Young Students Program Robots and Computer Games at This Year’s Girls Who Code Summer Camp

On a recent afternoon at the Roux Institute campus in Portland, ME, three adults tried in vain to beat a computer game created by a 13-year-old named Mayu. The objective was simple: You have three tries to correctly guess a number between 1-10. If you guessed incorrectly, the game prompted you to try again. Despite the best efforts put forth by each player, Mayu’s game outsmarted all. The number to guess was 10.

Mayu, a student from Windham, created the game as way to experiment with the programming language Python during her time at the Girls Who Code summer camp held at Northeastern University’s the Roux Institute this August. The week-long camp, which welcomes middle and high school students, introduces participants to the basics of coding and the world of tech in general. Students received instruction in programming, participated in team building exercises, and heard from daily guest speakers who spoke about their experiences as women working in tech.

Amelia, a student from Portland, said one of her favorite moments of the program was when the group went next door to WEX to hear from their Women in Tech team. She said it gave her some ideas of what type of career she might pursue someday.

Kayleigh, another student from Portland, was also inspired by the guest speakers who spoke about their jobs in computer science. “I’d really like to work in software someday,” she said. “Or maybe biomedical engineering.” Both Amelia and Kayleigh started learning code through programs at their school, but camps like this help broaden their skillsets and keep them engaged in the practice.

On the final day of the camp, students presented their final projects, which included programmable robotic Lego vehicles and micro:bits – small, pocket-sized computers that students can program to create simple games. The students programmed their projects using block-based coding, an introductory coding language that allows users to pull code in and alter it rather than writing it from scratch. The language serves as a gateway to more complex programming languages, which several students said they were eager to learn.

“I’m just a beginner,” Aamira, a student from Portland, stressed. “But I want to keep learning. I’ve always wanted to make my own video game, and I thought this camp might help me start. I want to learn JavaScript next.”

Aamira showed off a robotic transportation vehicle she had built during the camp. She programmed the vehicle to run for ten seconds, stop, open and close its door, and then resume running.

Other participants were also interested in the prospect of someday creating their own video game, like 12-year-old Sydney, also from Portland, who had programmed her micro:bit device to play a best-of-three game of Rock, Paper, Scissors with whoever was using it.

“I’m good at coding. I like coding,” said Sydney. She first began experimenting with coding on Scratch, an online coding community for kids. She’s already started working on building her own video game.

Amelia from Scarborough merged her love of Pokémon with her interest in coding by programming her micro:bit to randomly generate a Pokémon character, then ask the user to perform different functions in order to “catch” the Pokémon. Amelia also built a robotic Lego car, which she enjoyed iterating on until its wheel-speed was to her liking. She sees a future where robotic vehicles can help business owners.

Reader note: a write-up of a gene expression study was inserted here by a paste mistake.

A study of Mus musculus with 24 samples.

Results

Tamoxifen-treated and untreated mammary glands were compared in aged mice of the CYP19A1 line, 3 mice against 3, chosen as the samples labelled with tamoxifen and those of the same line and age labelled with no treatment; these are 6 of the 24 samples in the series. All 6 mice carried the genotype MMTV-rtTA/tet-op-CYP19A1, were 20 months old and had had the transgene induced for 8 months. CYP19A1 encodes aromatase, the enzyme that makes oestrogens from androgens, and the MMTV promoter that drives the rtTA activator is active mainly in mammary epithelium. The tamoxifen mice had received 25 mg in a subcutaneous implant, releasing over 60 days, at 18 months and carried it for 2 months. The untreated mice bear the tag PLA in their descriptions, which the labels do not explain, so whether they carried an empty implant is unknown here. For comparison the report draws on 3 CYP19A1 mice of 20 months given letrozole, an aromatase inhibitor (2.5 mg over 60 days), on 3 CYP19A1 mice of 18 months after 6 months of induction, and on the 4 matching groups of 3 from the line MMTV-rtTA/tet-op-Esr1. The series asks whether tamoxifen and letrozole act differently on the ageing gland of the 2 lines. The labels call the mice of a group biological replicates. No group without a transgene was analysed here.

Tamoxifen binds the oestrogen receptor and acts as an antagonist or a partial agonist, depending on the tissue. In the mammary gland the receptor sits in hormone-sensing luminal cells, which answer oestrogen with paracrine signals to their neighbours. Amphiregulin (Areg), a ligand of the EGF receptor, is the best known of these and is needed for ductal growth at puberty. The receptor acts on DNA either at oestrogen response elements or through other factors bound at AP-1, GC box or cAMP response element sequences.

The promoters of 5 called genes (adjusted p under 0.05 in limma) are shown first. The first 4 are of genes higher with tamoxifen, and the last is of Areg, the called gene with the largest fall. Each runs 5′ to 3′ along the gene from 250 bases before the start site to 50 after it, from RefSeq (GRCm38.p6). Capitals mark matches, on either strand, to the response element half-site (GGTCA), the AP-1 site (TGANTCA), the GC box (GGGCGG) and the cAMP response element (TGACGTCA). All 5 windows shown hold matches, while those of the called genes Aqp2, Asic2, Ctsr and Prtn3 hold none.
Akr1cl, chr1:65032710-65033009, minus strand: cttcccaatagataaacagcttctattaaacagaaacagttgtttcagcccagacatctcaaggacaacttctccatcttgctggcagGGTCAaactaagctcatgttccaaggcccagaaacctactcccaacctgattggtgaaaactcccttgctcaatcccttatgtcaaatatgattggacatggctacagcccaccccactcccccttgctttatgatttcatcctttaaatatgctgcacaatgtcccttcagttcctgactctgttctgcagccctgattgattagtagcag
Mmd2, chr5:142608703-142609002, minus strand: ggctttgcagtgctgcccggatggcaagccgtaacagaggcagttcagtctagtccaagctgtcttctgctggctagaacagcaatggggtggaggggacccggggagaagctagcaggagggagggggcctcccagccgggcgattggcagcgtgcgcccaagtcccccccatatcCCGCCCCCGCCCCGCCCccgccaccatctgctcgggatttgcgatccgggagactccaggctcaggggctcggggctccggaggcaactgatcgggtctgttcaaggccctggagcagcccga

“Something like this could help small businesses deliver to nearby places,” Amelia said.

Lindsay Jamieson, the lead facilitator of the camp and a teaching professor of computer science at the Roux Institute, stressed how important it is to make coding accessible to everyone.

“By normalizing coding for female and nonbinary students, we have a better chance of them identifying coding as something they want to do in high school and college. When we expand the base of people who code, we gain access to ideas and thought processes that aren’t available when coding teams are homogenous.”

Angela Oechslie is the program director of Project>Login, the signature program from Educate Maine that acts as Maine’s community partner for the nationally based Girls Who Code Program. Project>Login partners with schools and organizations around the state to set up Girls Who Code clubs and camps; the camp at the Roux Institute was one of seven held in Maine this summer.

Oechslie says she has already seen tremendous impact from the program in the past few years. “Maine went from having just four moderately active [Girls Who Code] clubs to over 25 active clubs with 43 trained facilitators,” she said, and she doesn’t see things slowing down anytime soon.

Oechslie hopes to launch 15 new Girls Who Code clubs around Maine this fall and winter. These clubs are often started by students who participate in one of the Girls Who Code summer camps and become inspired to set up a club at their school. Next summer, Project>Login will run Girls Who Code camps in each of Maine’s 16 counties, thanks to the program’s growing partnership model.

Jamieson and Roux project manager Alicia Jalbert are both eager to continue their partnership with program. “We want to build out our capacity here, involving more Roux faculty and departments. We want Girls Who Code to become one of our signature programs here at the Roux Institute,” Jalbert said.